November, 2011

Our work

Our work
You might be surprised to read that our work is far broader than nature reserves and Big Garden Birdwatch. Read more about what else we do.

East Scotland Sea Eagles

Find out how we're bringing back white-tailed eagles to east Scotland
  • Update on Irish WTE; Spa weekend at SSPCA

    After an unsuccessful attempt to release the Irish sea eagle recovered from the Aberdeenshire coast yesterday at RSPB’s Loch of Strathbeg reserve, the bird has now been taken to SSPCA’s national centre for further rehabilitation. Despite having recovered at the vets from his ordeal last week, it became apparent when he was released that there were still some issues that needed to be addressed. The bird was unable to take off, and after recapturing him, we realised that his feathers were still coated with a kind of “grease” that was clearly affecting his ability to fly.

    The bird is now spending a few days with the fantastic team at the SSPCA centre where he will receive “spa treatment” (a bath in fairy liquid or similar) to attempt to get this substance off his feathers. Hopefully after week or so of drying off and much preening, he will be looking fabulous and ready to face the crowds again!

  • Feathers by the Firth

    A new exhibition, which opens on Wednesday this week (9th November), is offering residents of Broughty Ferry the chance to help design the finishing touches to a Sea Eagle sculpture planned for the banks of the Tay.

    In November 2009 students from the illustration programme of Duncan of Jordanstone College of Art and Design, University of Dundee, created work telling the story of the return of Sea Eagles to East Scotland for a public exhibition in Dundee. The winning design was a sculpture of three eight foot copper coloured feathers created by Kirkcaldy student Ellen Brown, “It’s great to see it all beginning to come together as I never thought it would really happen”.

    Thanks to funding from the Heritage Lottery Fund and the support of Dundee City Council plans are now underway to build the sculpture next year on the banks of the Tay. Carrie Watt of RSPB Scotland said: “Next term students at DJCAD will be back in the studio creating designs that will surround the sculpture, but before they can do that they are looking for inspiration. So we’re asking the public to come along to Broughty Ferry Library between the 9th and 12th November, to discover more about Scotland’s Sea Eagles and give us ideas for what they think the students should include in their designs.”

    Colin McLean, Head of the Heritage Lottery Fund in Scotland, said: “Feathers by the Firth is an important part of a project to save one of our rarest birds. The RSPB has successfully reintroduced sea eagle chicks to the area but now we need to ensure their long-term survival. This exhibition will give people the opportunity to learn more about this iconic bird of prey and the role it plays in Scotland’s biodiversity. That knowledge will hopefully help safeguard the existence of the Sea Eagles for future generations.”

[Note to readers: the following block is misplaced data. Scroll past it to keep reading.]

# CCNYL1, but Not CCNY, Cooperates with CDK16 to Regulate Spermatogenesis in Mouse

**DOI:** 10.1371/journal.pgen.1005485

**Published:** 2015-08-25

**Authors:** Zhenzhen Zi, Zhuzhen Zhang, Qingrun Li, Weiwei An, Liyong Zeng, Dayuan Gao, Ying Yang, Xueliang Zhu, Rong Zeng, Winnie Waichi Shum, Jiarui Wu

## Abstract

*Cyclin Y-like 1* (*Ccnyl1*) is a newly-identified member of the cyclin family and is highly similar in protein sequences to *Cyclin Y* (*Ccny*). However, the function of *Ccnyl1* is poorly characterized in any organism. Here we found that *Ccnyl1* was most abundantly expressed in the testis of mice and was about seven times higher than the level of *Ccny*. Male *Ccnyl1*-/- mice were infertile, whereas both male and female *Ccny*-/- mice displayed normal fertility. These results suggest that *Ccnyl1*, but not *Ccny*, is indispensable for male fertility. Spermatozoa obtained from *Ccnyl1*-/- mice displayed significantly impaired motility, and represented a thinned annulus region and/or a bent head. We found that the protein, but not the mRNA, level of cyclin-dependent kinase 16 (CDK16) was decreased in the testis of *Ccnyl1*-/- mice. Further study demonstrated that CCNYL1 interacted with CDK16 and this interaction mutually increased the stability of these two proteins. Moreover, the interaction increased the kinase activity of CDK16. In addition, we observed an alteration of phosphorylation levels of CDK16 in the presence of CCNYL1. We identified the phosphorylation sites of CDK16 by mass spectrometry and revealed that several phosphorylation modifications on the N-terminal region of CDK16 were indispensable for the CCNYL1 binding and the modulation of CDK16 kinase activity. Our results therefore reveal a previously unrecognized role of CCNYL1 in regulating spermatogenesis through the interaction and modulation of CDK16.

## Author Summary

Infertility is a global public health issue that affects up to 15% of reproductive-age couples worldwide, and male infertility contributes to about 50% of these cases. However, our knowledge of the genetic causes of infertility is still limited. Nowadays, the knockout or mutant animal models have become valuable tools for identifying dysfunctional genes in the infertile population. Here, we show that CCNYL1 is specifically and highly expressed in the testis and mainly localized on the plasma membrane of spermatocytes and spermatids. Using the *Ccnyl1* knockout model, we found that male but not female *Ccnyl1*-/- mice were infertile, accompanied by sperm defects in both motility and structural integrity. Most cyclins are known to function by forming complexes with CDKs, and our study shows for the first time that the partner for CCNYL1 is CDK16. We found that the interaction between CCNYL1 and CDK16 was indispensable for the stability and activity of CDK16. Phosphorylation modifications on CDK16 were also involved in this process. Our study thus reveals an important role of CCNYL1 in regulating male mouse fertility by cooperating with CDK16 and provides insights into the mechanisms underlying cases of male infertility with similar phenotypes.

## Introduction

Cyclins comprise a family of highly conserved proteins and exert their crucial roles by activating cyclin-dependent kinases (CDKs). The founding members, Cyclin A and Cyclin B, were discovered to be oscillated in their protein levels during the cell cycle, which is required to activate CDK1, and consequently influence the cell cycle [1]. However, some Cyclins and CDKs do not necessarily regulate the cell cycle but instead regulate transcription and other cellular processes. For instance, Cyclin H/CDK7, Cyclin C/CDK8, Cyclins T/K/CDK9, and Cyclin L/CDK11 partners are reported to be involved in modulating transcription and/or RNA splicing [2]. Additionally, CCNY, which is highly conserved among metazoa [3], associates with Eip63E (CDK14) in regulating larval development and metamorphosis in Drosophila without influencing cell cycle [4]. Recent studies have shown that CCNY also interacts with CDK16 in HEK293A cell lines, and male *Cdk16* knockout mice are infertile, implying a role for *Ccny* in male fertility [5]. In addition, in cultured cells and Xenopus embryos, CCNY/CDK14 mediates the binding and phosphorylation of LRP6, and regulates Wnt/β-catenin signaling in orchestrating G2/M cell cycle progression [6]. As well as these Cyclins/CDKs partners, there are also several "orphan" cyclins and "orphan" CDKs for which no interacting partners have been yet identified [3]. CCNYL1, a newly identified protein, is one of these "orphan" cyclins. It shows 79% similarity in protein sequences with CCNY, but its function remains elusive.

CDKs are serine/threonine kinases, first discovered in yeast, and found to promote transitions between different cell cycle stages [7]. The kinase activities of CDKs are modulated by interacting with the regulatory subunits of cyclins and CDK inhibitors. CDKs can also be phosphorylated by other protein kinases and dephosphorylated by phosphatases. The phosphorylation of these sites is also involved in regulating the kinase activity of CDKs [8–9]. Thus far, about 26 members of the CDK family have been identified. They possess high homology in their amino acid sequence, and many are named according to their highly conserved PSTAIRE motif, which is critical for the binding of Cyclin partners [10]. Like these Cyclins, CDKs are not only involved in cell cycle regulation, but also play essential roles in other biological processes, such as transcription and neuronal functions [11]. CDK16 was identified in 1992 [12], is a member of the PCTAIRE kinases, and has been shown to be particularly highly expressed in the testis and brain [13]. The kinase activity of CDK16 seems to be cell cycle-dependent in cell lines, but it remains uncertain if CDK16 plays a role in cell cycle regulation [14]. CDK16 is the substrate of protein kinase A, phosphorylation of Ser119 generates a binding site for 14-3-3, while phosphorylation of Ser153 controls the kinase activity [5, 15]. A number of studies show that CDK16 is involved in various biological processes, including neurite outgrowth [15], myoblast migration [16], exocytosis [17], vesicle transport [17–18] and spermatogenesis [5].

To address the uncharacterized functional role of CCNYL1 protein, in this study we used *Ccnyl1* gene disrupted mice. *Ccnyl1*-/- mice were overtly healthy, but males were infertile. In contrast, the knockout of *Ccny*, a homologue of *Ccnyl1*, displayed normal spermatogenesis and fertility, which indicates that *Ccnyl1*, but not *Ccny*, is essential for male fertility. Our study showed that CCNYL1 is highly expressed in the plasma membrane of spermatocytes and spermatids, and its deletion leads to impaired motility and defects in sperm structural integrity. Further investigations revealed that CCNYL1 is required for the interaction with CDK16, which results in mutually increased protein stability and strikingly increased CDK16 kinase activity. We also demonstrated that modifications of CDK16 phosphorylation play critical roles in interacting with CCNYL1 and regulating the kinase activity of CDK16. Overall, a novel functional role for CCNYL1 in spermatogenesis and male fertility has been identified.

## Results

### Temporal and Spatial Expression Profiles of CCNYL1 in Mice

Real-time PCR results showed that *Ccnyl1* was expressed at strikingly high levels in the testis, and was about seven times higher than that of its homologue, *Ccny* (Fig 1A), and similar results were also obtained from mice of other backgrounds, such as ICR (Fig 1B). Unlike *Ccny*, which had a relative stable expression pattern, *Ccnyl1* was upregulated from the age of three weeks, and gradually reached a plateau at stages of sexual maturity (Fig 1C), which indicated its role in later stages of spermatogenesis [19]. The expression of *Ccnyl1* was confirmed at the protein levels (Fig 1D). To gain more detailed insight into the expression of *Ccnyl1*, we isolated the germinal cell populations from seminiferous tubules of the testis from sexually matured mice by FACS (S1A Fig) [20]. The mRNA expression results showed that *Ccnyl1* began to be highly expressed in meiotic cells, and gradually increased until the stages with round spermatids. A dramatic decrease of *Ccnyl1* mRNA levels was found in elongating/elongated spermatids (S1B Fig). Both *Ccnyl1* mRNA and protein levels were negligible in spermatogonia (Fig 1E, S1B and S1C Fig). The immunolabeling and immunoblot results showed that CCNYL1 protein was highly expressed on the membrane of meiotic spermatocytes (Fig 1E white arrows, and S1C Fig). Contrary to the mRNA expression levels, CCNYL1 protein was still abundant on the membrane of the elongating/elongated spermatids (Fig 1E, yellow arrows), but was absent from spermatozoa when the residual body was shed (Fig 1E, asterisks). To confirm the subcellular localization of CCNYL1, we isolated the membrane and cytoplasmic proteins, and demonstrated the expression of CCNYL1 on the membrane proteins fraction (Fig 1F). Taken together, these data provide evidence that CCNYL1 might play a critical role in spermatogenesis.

Feathers by the Firth will run from Wednesday 9th November until Saturday 12th November at Broughty Ferry Library. On Saturday, the final day of the exhibition there will be Sea Eagle badge making from 11am-4pm. I’ll be there Friday afternoon until 7pm and all day Saturday so come along for a chat and learn more about this stunning work of art and the eagles!

  • Irish Sea Eagle rescued from Aberdeenshire

    A sea eagle, released as part of a reintroduction project in the Republic of Ireland, has been the subject of a dramatic rescue on the Aberdeenshire coast.

    RSPB Scotland, with help from Banff based business North 58˚ Sea Adventures, were called to a remote cove, inaccessible by land, near Pennan, following reports of an injured bird.

    The distressed eagle was first spotted by sea kayaker John Creighton and his wife on Saturday, with RSPB Scotland alerted the following day. After further investigations, the location was confirmed and a rescue mission launched.

    It wasn’t until we approached the beach that we saw that the eagle was alive, but was clearly tired and wet. Despite being there for three days, it was still fairly feisty and it actually took a while for us to retrieve it. Eventually I had to flush it off the cliffs by swimming towards it! Fortunately, thanks to John raising the alarm and to the amazing expertise of North 58˚ Sea Adventures we managed to bring it safely back to the mainland and it’s currently recovering from its ordeal at the vets.

    Ian Page, the skipper of the North 58˚ boat, Buchaneer said: “We had a falling tide and we were losing water and light. We could see Rhian running down the beach and then heading into the water. It was quite a decathlon but an excellent result.”

    The bird has been identified as a young male released in Ireland as part of the Irish Sea Eagle reintroduction project in 2010.

    Project Manager of the Irish Sea Eagle Reintroduction programme Dr Allan Mee added: “It was a shock to hear one of our young Sea Eagles was found in poor condition but fantastic that it’s been rescued and now has a real chance of recovery. This bird is the fifth confirmed Irish released Sea Eagle to have travelled to Scotland over the last 4 years. We are indebted to Rhian and the rescue team for their efforts”.